Lehigh Valley Health Network Joins the State and the Eastern PA EMS Council to Fund Improvements in Heart Attack Care
EMS organizations in five eastern Pennsylvania counties are getting upgraded technology to care for patients suffering a severe heart attack.
The state, through the Emergency Medical Services Operating Fund (EMSOF), Eastern PA EMS Council, Lehigh Valley Health Network’s Department of Emergency and Hospital Medicine, the Lehigh Valley Heart Institute and Lehigh Valley Hospital-Pocono combined to provide more than $100,000 to cover most of the cost of 90 modems and data plans for EMS units to transmit electrocardiograms (EKG) from the field.
EMS agencies from Lehigh, Northampton, Carbon, Monroe and Schuylkill counties will pay much less for the upgraded technology thanks to the support. LVHN is the only health network in the region to chip in with funding for the emergency services agencies in these counties.
Ambulance personnel in the mentioned counties will be able to transmit EKGs wirelessly to area emergency rooms. This will accelerate the diagnosis and expedite initiation of the life-saving care of patients suffering the most serious kinds of heart attacks, called ST-segment Elevation Myocardial Infarction, or STEMI.
Patients suspected by EMS providers of having a heart attack typically undergo a highly sensitive, 12-lead EKG performed by a first responder to confirm the diagnosis, which is often caused by a blocked heart artery.
“EKG transmission reduces the overall time to treatment by allowing the process to begin when the paramedics arrive,” said Ronald Freudenberger, MD, MBA, Physician-in-Chief, Lehigh Valley Heart Institute. “This positively impacts the outcomes of the patients and families we serve.”
If the ambulance can’t connect wirelessly to an ER via a modem, a paramedic at the scene or on route to the ER interprets an EKG, then verbally alerts a hospital emergency room physician that a heart attack is suspected. This is confirmed upon arrival at the ER by a second EKG.
Ambulances equipped with modems can transmit the EKGs immediately to the destination ERs’ medical command physician for confirmation by viewing a large digital image of the EKG. This gives the ER staff specific details about the patient and adequate time to prepare for the arrival of the patient and alert in-house heart attack team of the situation.
In addition, the ER physician can forward the EKG to the mobile device of the interventional cardiologist who will be treating the patient. Unblocking the heart attack- causing artery quickly gives the best chance for saving the patient’s life and the heart muscle that often has been deprived of blood during the heart attack.
“Through the ongoing support of our partners from Lehigh Valley Health Network, this technology affords our highly trained EMS practitioners immediate remote access to our emergency departments, medical command physicians and cardiology teams,” said John G. Kloss, Director, Eastern PA EMS Council. “They can effectively diagnose critical cardiac dysrhythmias prior to arrival at a LVHN facility and expedite immediate intervention, effectively benefiting the patients we serve.”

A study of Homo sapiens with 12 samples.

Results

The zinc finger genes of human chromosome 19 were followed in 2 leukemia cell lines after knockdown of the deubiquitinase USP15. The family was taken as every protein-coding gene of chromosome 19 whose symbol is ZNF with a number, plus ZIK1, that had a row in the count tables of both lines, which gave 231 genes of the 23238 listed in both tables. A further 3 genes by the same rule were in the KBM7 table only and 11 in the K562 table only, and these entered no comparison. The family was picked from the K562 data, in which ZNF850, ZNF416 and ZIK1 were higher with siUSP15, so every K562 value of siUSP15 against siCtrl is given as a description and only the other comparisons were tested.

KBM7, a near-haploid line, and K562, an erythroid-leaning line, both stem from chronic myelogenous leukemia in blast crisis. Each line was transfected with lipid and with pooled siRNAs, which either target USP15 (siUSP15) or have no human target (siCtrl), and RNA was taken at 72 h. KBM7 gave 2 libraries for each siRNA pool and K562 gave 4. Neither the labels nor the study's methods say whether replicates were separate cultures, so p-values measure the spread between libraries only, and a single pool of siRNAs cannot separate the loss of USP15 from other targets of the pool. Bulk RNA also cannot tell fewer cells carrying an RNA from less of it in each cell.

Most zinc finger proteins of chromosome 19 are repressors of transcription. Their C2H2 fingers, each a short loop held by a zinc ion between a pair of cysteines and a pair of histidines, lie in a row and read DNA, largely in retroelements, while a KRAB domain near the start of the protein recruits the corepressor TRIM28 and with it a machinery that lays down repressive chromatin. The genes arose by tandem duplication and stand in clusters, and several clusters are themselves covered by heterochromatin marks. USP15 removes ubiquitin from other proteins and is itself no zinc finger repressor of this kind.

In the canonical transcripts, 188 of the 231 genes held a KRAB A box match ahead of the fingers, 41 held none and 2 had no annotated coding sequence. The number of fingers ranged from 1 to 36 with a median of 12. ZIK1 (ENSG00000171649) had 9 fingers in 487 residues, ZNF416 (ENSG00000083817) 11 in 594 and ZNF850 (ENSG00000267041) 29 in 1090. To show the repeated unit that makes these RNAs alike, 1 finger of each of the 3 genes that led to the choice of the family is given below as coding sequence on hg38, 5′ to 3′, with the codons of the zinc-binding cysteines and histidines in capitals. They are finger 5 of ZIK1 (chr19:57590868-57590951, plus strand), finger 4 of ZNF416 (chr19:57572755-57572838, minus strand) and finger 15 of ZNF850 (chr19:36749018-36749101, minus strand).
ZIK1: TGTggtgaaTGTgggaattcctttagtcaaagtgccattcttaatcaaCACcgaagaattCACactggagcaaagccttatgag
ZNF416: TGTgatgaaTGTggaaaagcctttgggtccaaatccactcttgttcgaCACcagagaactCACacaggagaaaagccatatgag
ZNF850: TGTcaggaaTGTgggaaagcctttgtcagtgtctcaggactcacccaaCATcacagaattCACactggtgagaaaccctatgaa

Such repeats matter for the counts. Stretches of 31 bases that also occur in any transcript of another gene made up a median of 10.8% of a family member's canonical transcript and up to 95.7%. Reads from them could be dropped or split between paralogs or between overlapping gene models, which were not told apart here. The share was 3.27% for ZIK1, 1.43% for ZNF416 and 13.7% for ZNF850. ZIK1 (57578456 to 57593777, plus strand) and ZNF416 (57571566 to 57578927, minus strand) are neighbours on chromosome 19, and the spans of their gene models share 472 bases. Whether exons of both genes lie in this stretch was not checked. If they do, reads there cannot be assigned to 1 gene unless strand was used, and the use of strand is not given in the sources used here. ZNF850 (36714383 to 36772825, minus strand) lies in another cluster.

Lehigh Valley Health Network includes eight hospital campuses - three in Allentown including the region's only facility dedicated to orthopedic surgery, one in Bethlehem, one in East Stroudsburg, one in Hazleton and two in Pottsville, Pa.; 26 health centers caring for communities in seven counties; numerous primary and specialty care physician practices and 19 ExpressCARE locations throughout the region including the area’s only Children’s ExpressCARE at the Health Center at Palmer Township; pharmacy, imaging, home health services and lab services; extensive inpatient and outpatient rehabilitation services; and preferred provider services through Valley Preferred. Specialty care includes: trauma care at the region’s busiest, most-experienced trauma center treating adults and children, burn care at the regional Burn Center, kidney and pancreas transplants; perinatal/neonatal, cardiac, cancer care, orthopedics, and neurology and complex neurosurgery capabilities including national certification as a Comprehensive Stroke Center. The Lehigh Valley Cancer Institute, the Lehigh Valley Heart Institute and the Lehigh Valley Institute for Surgical Excellence give clinicians of the highest caliber the necessary infrastructure, programs and partnerships to help community members stay healthy and provide the most advanced treatment when needed. The Lehigh Valley Cancer Institute is a formal member of the Memorial Sloan Kettering (MSK) Cancer Alliance, a transformative initiative to improve the quality of care and outcomes for people with cancer in community health care settings, including access to key MSK clinical trials. Robotic surgery is offered in ten specialties across the health network with more than 14,000 procedures performed since 2008. Lehigh Valley Reilly Children’s Hospital, the only children’s hospital and Level 4 NICU in the region, provides care in more than 30 specialties and general pediatrics. Lehigh Valley Hospital–Cedar Crest is the only hospital in the region nationally ranked by U.S. News & World Report for orthopedics and has been recognized among the top five hospitals in Pennsylvania for six consecutive years. Lehigh Valley Hospital–Cedar Crest, Lehigh Valley Hospital–17th Street and Lehigh Valley Hospital–Muhlenberg are national Magnet hospitals for excellence in nursing. Additional information is available by visiting LVHN.org, or following us on Facebook and Twitter.